Commodities | May 29 2014
-The four P's of mining investment
-Copper stands out in mining sector
-Ongoing opportunities in miners
-Financials versus resources
-Trimming an overweight call on miners
By Eva Brocklehurst
Morgans has good and bad news. Bad news is Australia's mining boom is over. Actually, the broker thinks it was over three years ago. The good news is that the bust looks to be over as well. The broker thinks the smart money is now playing the fundamentals, awaiting the next boom. What are the fundamentals? Now is the time, the broker believes, to enhance investment in the major miners and establish a position in moderately sized producers and developers. Morgans' guidelines include the four Ps of investing – People, Product, Profit and Prudence.
The people are the boards and executives who need to be able to deliver. The products investors should find easy to focus on are those that have a transparent and liquid market, such as precious and platinum group metals, and those base metals traded on the London Metal Exchange, such as copper, nickel, lead and zinc. Where there is no such transparency, such as with mineral sands, industrial minerals and graphite, investors should look at the contracted offtake agreements. Steel market bulks, iron ore and coking coal, remain a priority focus for the broker.
Copper stands out because of China's need to improve its air quality. This means electrification, which involves a lot of copper. The broker likes Finders Resources ((FND)) for its exposure to copper in Indonesia and thinks the company's expansion project is an opportunity to get in on the ground floor of a profitable copper producer. This leads to the third P, profit, as in profitable production. Mid-caps and juniors in a profitable position with strong balance sheets are preferred. Investors have traditionally also looked for those in the lowest cost quartile. These stocks need to have a reasonable mine life, around 7-8 years, to ensure a future of profitable production when the focus returns to the sector.
The broker likes the longer-term profiles of Perseus Mining ((PRU)) and Regis Resources ((RRL)), despite recent setbacks. Morgans also thinks Base Resources ((BSE)) and Orocobre ((ORE)) are travelling well but below the radar. Lastly, companies must be prudent with their debt servicing and hedging. The broker observes no sign of over-hedging at present, which can be disastrous if the company is short of committed product. Those companies which have comfortable levels of hedging and debt, while still generating significant cash flow, include Regis Resources and Beadell Resources ((BDR)).
Morgan Stanley prefers to be cyclical, not cynical, and finds ongoing opportunities among the diminishing returns in the mining sector. The broker emphasises asset quality and domestic assets and in this category the preferences include BHP Billiton ((BHP)), Fortescue Metals ((FMG)), Iluka Resources ((ILU)), OZ Minerals ((OZL)), Sandfire Resources ((SFR)), PanAust ((PNA)), Regis Resources and Whitehaven Coal ((WHC)). The broker believes large cap leverage still exists, as assets that have scale do not just survive but also increase competitive advantages. Morgan Stanley also favours quality, low-cost assets that are not leveraged to cost cutting through high cost production. The bulk exposures are kept in the portfolio, based on cash-flow growth, and this means Fortescue and BHP. Iluka Resources' asset quality and balance sheet allows the company to ride out the cycle, in Morgan Stanley's opinion.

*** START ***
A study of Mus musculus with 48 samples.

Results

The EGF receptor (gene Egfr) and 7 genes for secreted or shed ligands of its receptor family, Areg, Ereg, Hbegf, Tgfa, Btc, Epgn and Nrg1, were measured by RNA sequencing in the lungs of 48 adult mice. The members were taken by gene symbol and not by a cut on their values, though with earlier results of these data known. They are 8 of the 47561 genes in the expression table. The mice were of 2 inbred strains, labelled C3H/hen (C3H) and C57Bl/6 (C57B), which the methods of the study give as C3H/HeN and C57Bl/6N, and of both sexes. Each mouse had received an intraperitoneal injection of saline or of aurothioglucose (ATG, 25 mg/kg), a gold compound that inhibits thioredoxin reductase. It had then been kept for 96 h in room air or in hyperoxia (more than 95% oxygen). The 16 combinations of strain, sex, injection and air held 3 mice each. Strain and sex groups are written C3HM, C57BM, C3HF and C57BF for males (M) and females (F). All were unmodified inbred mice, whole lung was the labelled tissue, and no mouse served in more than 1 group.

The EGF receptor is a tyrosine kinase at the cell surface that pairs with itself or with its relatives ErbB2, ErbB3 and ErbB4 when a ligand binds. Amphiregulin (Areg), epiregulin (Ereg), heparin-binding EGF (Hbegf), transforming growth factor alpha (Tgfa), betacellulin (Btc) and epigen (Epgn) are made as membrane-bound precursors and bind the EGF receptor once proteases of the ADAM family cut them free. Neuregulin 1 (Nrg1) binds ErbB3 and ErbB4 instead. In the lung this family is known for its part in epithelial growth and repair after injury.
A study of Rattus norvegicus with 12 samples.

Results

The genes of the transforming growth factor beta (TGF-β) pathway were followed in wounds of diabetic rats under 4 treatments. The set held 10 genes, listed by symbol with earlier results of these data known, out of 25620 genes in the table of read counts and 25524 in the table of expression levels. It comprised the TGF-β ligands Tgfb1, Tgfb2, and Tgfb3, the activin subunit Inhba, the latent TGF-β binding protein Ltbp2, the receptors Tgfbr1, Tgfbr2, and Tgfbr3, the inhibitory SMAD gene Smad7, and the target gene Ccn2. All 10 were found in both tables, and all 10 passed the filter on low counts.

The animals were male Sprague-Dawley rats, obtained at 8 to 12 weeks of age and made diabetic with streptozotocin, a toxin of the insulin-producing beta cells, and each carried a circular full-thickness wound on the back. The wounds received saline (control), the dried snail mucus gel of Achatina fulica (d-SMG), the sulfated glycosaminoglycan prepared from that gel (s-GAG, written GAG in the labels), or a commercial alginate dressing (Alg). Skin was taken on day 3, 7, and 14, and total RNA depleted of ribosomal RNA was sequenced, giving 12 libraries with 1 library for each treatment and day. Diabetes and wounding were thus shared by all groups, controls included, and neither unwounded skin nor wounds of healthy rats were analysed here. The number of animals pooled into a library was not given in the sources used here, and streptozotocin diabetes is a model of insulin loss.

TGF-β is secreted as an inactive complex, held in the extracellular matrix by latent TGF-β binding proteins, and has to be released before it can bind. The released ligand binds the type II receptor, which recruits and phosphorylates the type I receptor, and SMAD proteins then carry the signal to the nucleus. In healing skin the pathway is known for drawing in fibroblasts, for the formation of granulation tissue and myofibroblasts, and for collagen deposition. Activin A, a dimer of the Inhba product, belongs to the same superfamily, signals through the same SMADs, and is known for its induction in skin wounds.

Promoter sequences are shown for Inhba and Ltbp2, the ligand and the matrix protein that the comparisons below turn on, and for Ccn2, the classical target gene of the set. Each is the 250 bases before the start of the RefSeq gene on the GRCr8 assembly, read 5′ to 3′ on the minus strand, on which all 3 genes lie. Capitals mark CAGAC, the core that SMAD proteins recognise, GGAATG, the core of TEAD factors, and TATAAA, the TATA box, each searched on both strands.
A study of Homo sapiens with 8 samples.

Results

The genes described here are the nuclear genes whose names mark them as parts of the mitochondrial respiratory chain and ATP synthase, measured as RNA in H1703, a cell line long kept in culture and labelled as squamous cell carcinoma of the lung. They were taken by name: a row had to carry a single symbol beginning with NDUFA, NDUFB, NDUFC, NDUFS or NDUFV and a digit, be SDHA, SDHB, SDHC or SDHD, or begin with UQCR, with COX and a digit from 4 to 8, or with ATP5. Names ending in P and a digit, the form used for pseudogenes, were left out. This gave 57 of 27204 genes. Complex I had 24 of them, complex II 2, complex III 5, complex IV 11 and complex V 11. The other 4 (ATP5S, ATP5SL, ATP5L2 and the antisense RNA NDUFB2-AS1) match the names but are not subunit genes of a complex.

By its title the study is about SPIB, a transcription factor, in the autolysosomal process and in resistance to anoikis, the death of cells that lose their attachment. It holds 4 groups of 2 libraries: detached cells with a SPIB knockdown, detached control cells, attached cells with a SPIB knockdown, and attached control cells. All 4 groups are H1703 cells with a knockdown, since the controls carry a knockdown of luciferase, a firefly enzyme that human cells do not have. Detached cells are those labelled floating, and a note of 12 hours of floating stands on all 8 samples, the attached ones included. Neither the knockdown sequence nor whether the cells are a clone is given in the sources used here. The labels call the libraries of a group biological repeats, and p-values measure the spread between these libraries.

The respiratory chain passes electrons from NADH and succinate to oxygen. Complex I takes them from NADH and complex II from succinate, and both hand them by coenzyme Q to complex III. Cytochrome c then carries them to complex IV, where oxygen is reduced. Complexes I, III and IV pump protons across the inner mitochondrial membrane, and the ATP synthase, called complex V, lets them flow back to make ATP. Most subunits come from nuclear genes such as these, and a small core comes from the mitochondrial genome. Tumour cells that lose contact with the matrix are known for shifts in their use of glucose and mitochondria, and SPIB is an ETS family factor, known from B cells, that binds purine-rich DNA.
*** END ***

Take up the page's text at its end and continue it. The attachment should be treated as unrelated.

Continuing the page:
JP Morgan has developed a market timing model that switches between the Australian financial and resources sectors. The model has returned 20.1% per annum over the last 20 years with annualised volatility of 20%, outperforming buy-and-hold strategies in either financials or resources. The broker currently recommends the defensive financials over resources. The reason the broker developed the model is that the banks and materials segments are two of the most important industries in the Australian equity market. They both average around 22% of the S&P/ASX 200 market capitalisation, but the relative weights have spread to 42% from 12% over the last 20 years. The model includes broader market sentiment signals and is used as a standalone model, or as a guide towards active industry weightings in a long-only portfolio.
The broker has also reviewed the case for being overweight on Australian mining stocks and notes iron ore plays have borne the brunt of selling. An overweight argument gives iron ore stocks a measure of protection, underpinned by the Chinese growth story, where there is limited downside because the government can, and will, back growth. Hence, there is also limited downside to the iron ore price. The third supportive factor is that stock valuations also have limited downside because they already imply lower iron ore prices.
Adding in the usual macro risks, JP Morgan accepts that the size of its overweight position in the sector looks too big relative to the level of confidence that is possible. The broker has become less convinced there is a case for a large buy-and-hold long position based on valuations and industry fundamentals. This suggests that a smaller tactical tilt may be required in the portfolio, rather than a high conviction Overweight call. Hence, as BHP's share price has weathered the pressure on the sector relatively well, the size of the overweight case is reduced by trimming BHP's weighting in the portfolio.